You'd get a rainbow with brighter red and yellow, and dimmer green and blue.
What is often missed in discussion of "red stars" (like M class red dwarves) is that the surface temperature of those stars is similar to that of the tungsten filament in an old-style incandescent light bulb -- which, though fairly yellow when compared to a truly white light source, is still "white" enough that all colors are readily visible.
You can observe a full spectrum from a tungsten lamp -- using a CD as a diffraction grating, for instance -- just as you can from the Sun, or from a blue-white class O star. The difference is how bright the spectrum is in what color, but this isn't extremely obvious until the spectrum is pretty heavily skewed, either toward red or toward blue. A so-called "red dwarf" M star would still look white to the eye (just as a tungsten lamp filament does), so the spectrum it produces, while easily distinguished from that of a hotter star with instruments, will look very much the same to the human eye.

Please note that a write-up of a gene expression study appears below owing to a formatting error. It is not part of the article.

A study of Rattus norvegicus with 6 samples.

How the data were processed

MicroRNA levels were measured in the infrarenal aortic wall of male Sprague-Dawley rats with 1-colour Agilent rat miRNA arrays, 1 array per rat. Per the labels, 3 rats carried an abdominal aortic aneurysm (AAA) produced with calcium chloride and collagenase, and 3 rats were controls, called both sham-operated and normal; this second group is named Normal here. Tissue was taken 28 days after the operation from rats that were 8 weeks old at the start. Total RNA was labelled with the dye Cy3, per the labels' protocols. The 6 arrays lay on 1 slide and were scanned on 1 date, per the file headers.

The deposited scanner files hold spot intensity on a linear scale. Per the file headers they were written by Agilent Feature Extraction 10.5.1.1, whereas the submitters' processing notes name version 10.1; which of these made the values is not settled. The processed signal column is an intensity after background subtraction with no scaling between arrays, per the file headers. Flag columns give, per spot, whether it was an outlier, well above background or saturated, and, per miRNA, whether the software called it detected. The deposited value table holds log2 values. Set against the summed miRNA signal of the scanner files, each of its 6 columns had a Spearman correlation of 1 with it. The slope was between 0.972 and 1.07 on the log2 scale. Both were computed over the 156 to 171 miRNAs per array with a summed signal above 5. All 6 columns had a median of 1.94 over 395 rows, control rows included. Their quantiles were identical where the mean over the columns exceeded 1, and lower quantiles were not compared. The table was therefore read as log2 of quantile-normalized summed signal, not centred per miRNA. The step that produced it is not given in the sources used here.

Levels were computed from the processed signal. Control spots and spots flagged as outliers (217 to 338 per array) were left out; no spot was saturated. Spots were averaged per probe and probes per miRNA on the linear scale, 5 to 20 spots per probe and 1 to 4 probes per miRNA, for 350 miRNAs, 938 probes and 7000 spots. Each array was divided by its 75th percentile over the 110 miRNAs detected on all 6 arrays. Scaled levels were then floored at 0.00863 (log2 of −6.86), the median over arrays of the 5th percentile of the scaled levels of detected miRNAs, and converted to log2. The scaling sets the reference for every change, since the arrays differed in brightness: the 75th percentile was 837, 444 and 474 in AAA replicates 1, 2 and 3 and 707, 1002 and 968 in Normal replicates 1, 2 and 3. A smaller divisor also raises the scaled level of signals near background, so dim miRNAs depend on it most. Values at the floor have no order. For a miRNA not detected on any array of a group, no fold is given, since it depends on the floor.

The width of the color bands is due to the physics of refraction working with human color perception. In truth, there are no "bands" of color in the rainbow -- it's a continuous, well, spectrum. We label certain parts (red, orange, yellow, green, blue, indigo, violet) based on how we perceive color, and those colors seem to form "bands" because we perceive them that way. The wavelengths of light, however, will still be evenly spread across the width of the rainbow's band, both the width and angular size of which are determined by the refractive index and dispesion of water. As long as the water is still water (and falling rain is pretty pure, in general), you'll get the same size, shape, and width rainbow we have as long as the light is visibly white to the eye (see above).